Like most fans of Ukrainian writer Andrei Kurkov, I have been waiting for a long time. Waiting, in vain, for him to match the brilliance of his first novel, the blackly hilarious "Death and the Penguin." Alas, with the publication of "The Gardener from Ochakov," it seems that I and the rest of Kurkov's loyal fan base are destined to wait a bit longer.
Kurkov has acquired something of a cult following throughout Europe, though he is relatively unknown in Russia. The road to fame was not an easy one — born in Leningrad in 1961, he later worked as a prison guard in Odessa. In the weeks preceding the collapse of the Soviet Union, Kurkov borrowed money from his friends to publish his first novel and later sold copies from a street stall.
He has certainly come a long way since then. He has written 13 novels since the wildly successful Penguin thrilled fans in 2001. Since then, he has offered up a staple diet of reluctant but quirky heroes struggling to make sense of life of the bewildering and often bizarre realities of life in modern Ukraine. Pet penguins, shady mafia figures and time travel are all included — nothing is too far-fetched. Anything can happen — we can only deal with life in the best way we can, and humor certainly helps.
Bizarrely, life has imitated art in Kurkov's case. His comedic political satire, "The President's Last Love," mocking well-known politicians, made several remarkable "predictions" about the future. Though published in 2004, part of the story is set in the future of 2013, when Putin has returned for a third term as president. The book was published shortly before the Orange Revolution in Ukraine and features an attempt to poison the Ukrainian president, a strange premonition of the poisoning of Viktor Yushchenko later that year. The point Kurkov seems to be constantly trying to make was proven — life in Ukraine is never dull.
His latest offering, "The Gardener from Ochakov" is standard Kurkov fare — a meandering journey through the realities of life in post-Soviet Ukraine with a good dose of Soviet nostalgia thrown in for good measure. It features the usual reluctant hero, Igor, living with his mother in a small town outside Kiev, spending most of his time mooching around and consuming the inevitable vast amounts of vodka and sausage. The reader senses the boredom and sense of futility of post-Soviet life and a subtle longing to return to "the good old days," which he soon does.
Kurkov never lets his male heroes relax for long. Before you can say "Hey, I was eating that sausage!" poor Igor is thrown into a bizarre and discomfiting situation. Ripped from the suffocating protection of his long-suffering mother, Igor starts spending time with the new gardener, Stepan, who has appeared rather inexplicably. Stepan tells Igor about his bizarre life, and together they travel to the town of Ochakov to find out more about Stepan's shady father.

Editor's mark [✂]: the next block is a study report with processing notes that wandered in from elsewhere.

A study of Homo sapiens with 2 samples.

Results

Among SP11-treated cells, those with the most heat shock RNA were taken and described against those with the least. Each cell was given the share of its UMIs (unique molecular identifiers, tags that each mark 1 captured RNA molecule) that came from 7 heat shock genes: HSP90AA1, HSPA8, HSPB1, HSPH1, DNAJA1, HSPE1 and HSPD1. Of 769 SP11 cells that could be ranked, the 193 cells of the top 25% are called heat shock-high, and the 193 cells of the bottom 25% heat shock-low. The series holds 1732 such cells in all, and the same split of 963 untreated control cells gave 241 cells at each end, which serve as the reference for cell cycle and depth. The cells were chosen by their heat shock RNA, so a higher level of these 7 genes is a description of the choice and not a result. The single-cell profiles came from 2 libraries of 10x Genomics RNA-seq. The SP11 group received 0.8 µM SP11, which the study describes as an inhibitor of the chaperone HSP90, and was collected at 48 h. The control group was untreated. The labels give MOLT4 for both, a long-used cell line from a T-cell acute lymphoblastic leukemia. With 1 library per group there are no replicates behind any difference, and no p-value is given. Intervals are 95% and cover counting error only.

While Stepan comes into rather a lot of money on this trip, he leaves Igor rather disappointed by thanking him for his help with an old Soviet policeman's uniform complete with old boots and pockets stuffed full of Soviet banknotes that they found while searching for clues about Stepan's father in Ochakov.
Igor resigns himself to returning to his old life until one night he is invited to a "retro" party in Kiev. He decides to wear the Soviet uniform, but while he is walking to the bus stop, something very strange happens. He is suddenly transported back to Ochakov, but the year is 1957. Everything in 1957 is strange to Igor, but we also get the impression that life is more exciting — more vivid and colorful. He quickly gets entangled in the usual Kurkov web of shady gangsters and small-time criminals and falls in love with a beautiful, and married, redhead. But Kurkov's female characters are usually only the supporting cast to the reluctant male hero and are unimaginatively developed, playing either the long-suffering mother making endless amounts of buckwheat or the unattainable love interest.
Igor quickly gets himself into trouble and is almost killed by one of the gangsters. As much as he enjoys the "simpler" life of 1957, he realizes that he must forget about his redhead and hurry back to his own time to save his own bacon. Back in the present, things have been neatly coming together, ensuring that Igor will not be able to return to his own predictably depressing life. Stepan's daughter Alonya is fetched from Lviv to provide a slightly less alluring, but still acceptable, love interest for Igor. Stepan proposes to Igor's mother and it seems certain that they will all live in sausage and vodka heaven forever.
But Kurkov must throw in one final bizarre and unexpected twist before we get too comfortable in the dawning era of domestic bliss. Igor's friend Kolyan has gotten himself into a spot of bother with more of the inevitable mafia types in Kiev. His life is in danger. Igor suggests that he hide out in 1957. Kolyan, while disbelieving at first, agrees. It is then that Kurkov reveals his final plot twist, which frankly, left this reader a little cold.
"The Gardener from Ochakov" is a pleasant distraction but does nothing to hold the attention of the reader. It increasingly seems that once you have read one Kurkov book, you have read them all. The themes and characters are becoming somewhat predictable. If you are looking for a light-hearted black comedy about life in post-Soviet Ukraine, this will scratch your itch. I, for one, will continue to read Kurkov's output in the hope that one day he will match the glorious comedy of his first novel. I may have to wait a while.
"The Gardener From Ochakov" by Andrei Kurkov, translated by Amanda Love Darragh, is published by Harvill Secker. List Price: £12.99 ($21.06). ISBN: 978-1846556159.